The Women’s Bar Association of Massachusetts will present the 2019 Leila J. Robinson Award to Deborah Harris of the Massachusetts Law Reform Institute and Carmen Ortiz of Anderson & Kreiger.
The Lelia J. Robinson Award honors women attorneys who have captured the spirit of Lelia J. Robinson, the first woman admitted to practice in Massachusetts. The award recognizes women who, like Robinson, are pioneers in the legal profession and have made a difference in the community. Deborah Harris and Carmen Ortiz will be honored at the WBA’s Annual Gala on October 10, 2019 at the Sheraton Boston.
“It is our pleasure to recognize Deborah Harris and Carmen Ortiz with our Lelia J. Robinson Award at our 2019 WBA Gala,” said WBA President Jennifer Saubermann. “They are amazing role models who demonstrate the importance of legal work and commitment to community. Deborah Harris was essential to the recent passage of the ‘Lift the Cap on Kids’ legislation, which made a critical difference in the lives of over 8,700 of the lowest income children in Massachusetts. She has dedicated her career to advocating for social and economic justice, benefitting women and children across the Commonwealth. Carmen Ortiz was the first woman and first Hispanic United States Attorney for Massachusetts and was responsible for overseeing some of the most high profile criminal trials over the last two decades. She has also shown a deep commitment to advancing women in the legal profession. Both of these women have made substantial contributions to our Commonwealth and I am honored to present this award to them.”
Deborah is a staff attorney for the Massachusetts Law Reform Institute (MLRI), where she specializes in public benefits and child support issues. MLRI is a statewide legal advocacy and support center that represents low income people, defends against policies that harm and marginalize people living in poverty, and advocates for systemic reforms to achieve social and economic justice. She has worked extensively in welfare practice and policy for over 40 years. She was lead counsel in MLRI’s lawsuit that stopped Massachusetts from using stale and erroneous wage records to terminate SNAP benefits and obtained order against the Commonwealth to pay $9.4 million in SNAP benefits to 17,000 households whose benefits were illegally terminated. She is a published author whose works include the TAFDC Advocacy Guide: An Advocate’s Guide to Massachusetts Welfare Rules for Families which was first published by MCLE in 1994 and has been republished every year since.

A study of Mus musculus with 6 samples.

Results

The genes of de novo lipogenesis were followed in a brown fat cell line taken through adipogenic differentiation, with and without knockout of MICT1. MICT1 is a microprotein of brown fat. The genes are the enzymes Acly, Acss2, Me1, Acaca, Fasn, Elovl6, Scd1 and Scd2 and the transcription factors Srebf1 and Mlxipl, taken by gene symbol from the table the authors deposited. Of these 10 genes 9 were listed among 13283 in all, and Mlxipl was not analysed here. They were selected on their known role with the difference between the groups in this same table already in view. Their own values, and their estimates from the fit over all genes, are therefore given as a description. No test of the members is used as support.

Deborah has worked extensively in welfare practice and policy for over 40 years. This work has encompassed numerous class action and individual lawsuits challenging state or federal welfare rules denying benefits or services as well as advocacy to persuade Congress and the state legislature and state and federal agencies to adopt policies and practices to protect vulnerable populations and promoting economic stability. She also provides technical assistance to legislators and advocates on federal and state laws and regulations regarding welfare and other benefits for low income persons. Recently, she helped lead the successful campaign to repeal the welfare family cap, the state law that denied basic subsistence benefits to children because of when they were conceived.
Georgia Katsoulomitis, MLRI’s Executive Director, said, “Deborah’s contributions to poverty law on the national and state level are truly immeasurable. She is a quiet force, usually preferring to work behind the scenes, but is a relentless fighter and fearless advocate for the Commonwealth’s lowest income families and children. All legal aid and poverty advocates speak of our work in terms of justice — of achieving the right, the just, and the fair outcome for clients. But Deborah also speaks of her work in terms of dignity and power. She believes that a core value of a just society, and of our justice system, is ensuring that the most vulnerable people among us have a voice and are able to live with dignity. She empowers and lifts up the voices of those who are often ignored or forgotten, and speaks truth to power.”
Deborah has a J.D. from the University of Pennsylvania. Her publications include Child Support for Welfare Families: Family Policy Trapped in Its Own Rhetoric, 16 N.Y.U. Rev. L. & Social Change 619 (1987-88); TAFDC Advocacy Guide: An Advocate’s Guide to the Massachusetts Welfare Rules for Families, MCLE (Dec. 2018; first published in 1994, revised and republished every year since then); and Variations on an Unconstitutional Theme: Restrictions on Interstate Use of Cash Benefits, 47 Clearinghouse Review 1 (May-June 2013) (with J. Schlozman).
Carmen is currently Counsel at Anderson & Kreiger in Boston. From 2009 to 2016, she served as the U.S. Attorney for Massachusetts, and was the first woman and first Hispanic to serve in that position.